Eric Walz    Oct 30, 2019 10:45 AM PT
Magna International to Supply Dual-Clutch & Hybrid Transmissions to BMW
An integrated electric drive axle. (Photo: Magna International)

BMW Group has awarded automotive parts supplier Magna International the largest production order for transmission technologies in the company's history. The multi-year contract includes supplying the German automaker with all front-wheel drive dual-clutch transmissions, including hybrid transmission versions.

"This new award is another result of Magna's commitment to delivering high-quality, flexible and innovative transmissions," said Tom Rucker, President of Magna Powertrain. "Our scalable dual-clutch transmissions enhance drivability while simultaneously providing optimal levels of efficiency, which makes our product a perfect match for BMW."

Dual-clutch transmissions are relatively new to the auto industry and function somewhat like a manual transmission, except without a clutch pedal. Unlike a traditional manual transmission that requires the driver to depress the clutch for every gear change, in a dual-clutch setup there are two computer-controlled clutches that change gears for the driver automatically.

The main benefit is that the two clutches are able to change gears much quicker, without disconnecting the engine from the transmission, which momentarily interrupts power flow. The result is greater efficiency, which in turn increases fuel economy.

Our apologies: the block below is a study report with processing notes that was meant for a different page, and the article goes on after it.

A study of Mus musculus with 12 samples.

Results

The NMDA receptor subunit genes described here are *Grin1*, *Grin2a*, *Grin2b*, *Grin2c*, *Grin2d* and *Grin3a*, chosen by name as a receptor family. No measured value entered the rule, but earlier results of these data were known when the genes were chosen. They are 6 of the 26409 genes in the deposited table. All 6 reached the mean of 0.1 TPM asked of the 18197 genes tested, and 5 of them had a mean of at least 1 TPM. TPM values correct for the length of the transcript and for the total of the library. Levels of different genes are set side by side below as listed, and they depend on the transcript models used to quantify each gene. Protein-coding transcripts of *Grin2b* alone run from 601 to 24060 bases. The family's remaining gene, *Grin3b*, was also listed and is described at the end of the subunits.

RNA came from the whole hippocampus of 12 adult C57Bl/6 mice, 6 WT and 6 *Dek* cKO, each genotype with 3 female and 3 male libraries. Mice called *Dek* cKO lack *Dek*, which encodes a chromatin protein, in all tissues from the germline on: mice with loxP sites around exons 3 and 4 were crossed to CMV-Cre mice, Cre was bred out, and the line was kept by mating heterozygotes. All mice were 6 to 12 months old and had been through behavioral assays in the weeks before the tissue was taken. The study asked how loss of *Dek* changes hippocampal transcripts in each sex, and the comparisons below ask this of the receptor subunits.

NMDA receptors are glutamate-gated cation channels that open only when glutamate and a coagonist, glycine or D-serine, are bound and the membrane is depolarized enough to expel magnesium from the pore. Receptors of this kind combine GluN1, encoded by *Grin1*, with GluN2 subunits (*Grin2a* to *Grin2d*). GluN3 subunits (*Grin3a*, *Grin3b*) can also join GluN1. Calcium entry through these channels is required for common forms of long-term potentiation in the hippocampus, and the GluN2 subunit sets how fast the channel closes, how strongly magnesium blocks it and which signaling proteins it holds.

According to Magna, dual-clutch transmissions are about 5% more economical and in some driving cycles and vehicles even more than 20% compared to automatic transmissions use a traditional torque converter.

The hybrid variants also use a compact, 48 volt high-RPM electric motor within the transmission housing that used to quickly propel the vehicle from a stop, further improving fuel efficiency.

Magna announced that the transmission technologies will be used in more than 170 different BMW vehicle applications. Magna said the new transmissions has no impact on the overall dimensions of the transmission housing, which provides manufacturing flexibility to BMW as it shifts toward electrification of its lineup.

At BMW's NEXTGen event in June 2019, the automaker announced its accelerating its electric vehicle rollout timeline, with 25 electrified models being introduced by 2023, two years ahead of schedule.

The transmissions will be built at Magna's facilities in Neuenstein, Germany, and Kechnec, Slovakia.

Magna also announced today it has been awarded a grant by the U.S. Department of Energy (U.S. DOE) to develop an advanced electric motor technologies for next-generation vehicle propulsion systems. The goal of the project is to develop an electric motor that is half the cost and eight times the power density, while delivering 125 kW of peak power.

Magna did not disclose the financial terms of the contract.